If you can’t kill them with your size, kill them with your speed. That’s what Don Nelson must’ve told his injury-ridden Golden State Warriors who ran the Lakers into playing at their pace so effectively that it produced 24 turnovers. Kobe Bryant, alone, had nine and Andrew Bynum had eight. With 29 and 18 points respectively, their efficient scoring was trumped by their sheer carelessness with the ball.
The only negative for the Warriors, and true it’s a big negative, is that they didn’t win the game, but they sure played like the victors tonight.
It was obvious that this game would be played feverishly quick and a foreshadowing of all the negligence to come appeared in the very first Laker possession that ended in Bynum’s first of eight turnovers.
The 33-point Laker victory up in Oakland last November must have been clear in the minds of the Warriors as they ran the Lakers ragged to an almost-vengeful win.
At halftime, the Warriors led 65-59 and had scored 17 points off Laker turnovers. Golden State scored easily and freely, hitting wide-open shots from all around the perimeter, and beating their opponents with a quickness the Lakers could not seem to match in return.
The road team allowed three 30-point quarters by the Warriors (1st, 2nd and 4th) and were lucky they got the win when they did.
The Lakers were no match for Stephen Curry who, despite getting his fourth foul with three minutes left in the third quarter, torched every player in a purple uniform to a near double-double of 29 points and nine assists. This young rookie is fearless no matter where he is on the court. Whether he’s behind the three-point line, driving in for a quick lay-up, or taking off for the deadly teardrop, any number of players defending him are better off just letting him pass, which is what the Lakers decided to do tonight.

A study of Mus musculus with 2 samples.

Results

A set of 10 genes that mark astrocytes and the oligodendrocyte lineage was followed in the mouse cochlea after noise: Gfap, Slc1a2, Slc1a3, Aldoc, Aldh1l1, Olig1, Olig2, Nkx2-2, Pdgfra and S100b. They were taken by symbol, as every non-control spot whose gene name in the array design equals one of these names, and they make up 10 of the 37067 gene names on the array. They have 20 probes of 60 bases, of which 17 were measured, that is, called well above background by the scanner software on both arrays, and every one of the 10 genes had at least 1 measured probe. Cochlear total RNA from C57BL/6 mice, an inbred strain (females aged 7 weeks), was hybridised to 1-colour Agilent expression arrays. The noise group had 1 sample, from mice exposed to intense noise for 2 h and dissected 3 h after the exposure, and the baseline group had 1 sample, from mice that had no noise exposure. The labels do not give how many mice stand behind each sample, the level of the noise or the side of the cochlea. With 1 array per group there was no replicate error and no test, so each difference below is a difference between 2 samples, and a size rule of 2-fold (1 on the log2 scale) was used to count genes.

Defense from the Purple and Gold was scarce this evening, and against a scoring powerhouse like Curry, a little resistance may have helped cool him down.
Pau Gasol, responsible for Anthony Tolliver (6’9”) and former Laker Devean George (6’8”), gave up 27 points to the relatively smaller forwards. In one sequence early in the game, Pau helped Kobe on Monta Ellis. Monta then passed to Devean George who had so much time on his hands waiting for Pau to snap out of his momentary, but frequent, lapse in defensive judgment, that he launched a three with not one Laker less than six feet away from him.
Ron Artest’s defense on Corey Maggette was hardly notable as well, as he still managed to score 18 points on 9-15 shooting.
Monta Ellis, guarded by Kobe, was 5-23 from the field, but with five steals, was still active defensively.
With a 9-point lead and under two minutes remaining, Joel Myers was ready to declare the win when Stu Lantz quickly interjected, “Is it safe?” It was indeed, completely unsafe, as the Warriors got to within two points on Monta Ellis’ blow-past-Kobe layup. When Kobe missed his first of two free throws (the Lakers missed eight free throws in all!), Steph Curry had a chance to tie it up, but his attempt clanged and ricocheted to the right as three Lakers watched the miss grabbed fervently by Monta Ellis whose desperate shot bounced atop the rim, then bounced off.
The defending Champs had escaped another close one, but they sure know how to make a victory feel like a loss.
Pre-game Thoughts: The Warriors’ tallest active player is 6’9”. If the Andrew Bynum and Pau Gasol don’t go off offensively as well as defensively, the term “soft” will be the season’s biggest understatement.
Half-time Thoughts: 59-65, Warriors. They also have eight steals to the Lakers’ three, and the road team was 13-20 from the free throw line. Really?!
Most Thoughtless Player(s) of the Game: Kobe Bryant and Andrew Bynum, who had 17 of the Lakers’ 24 turnovers.
Most Thought-filled Player(s) of the Game: Lamar Odom — it’s always nice to see Odom play like the beast that we all know he is. 17 points on 7-9 shooting, 12 rebounds, an assist and 1 block. If only it weren’t such a rare occurrence.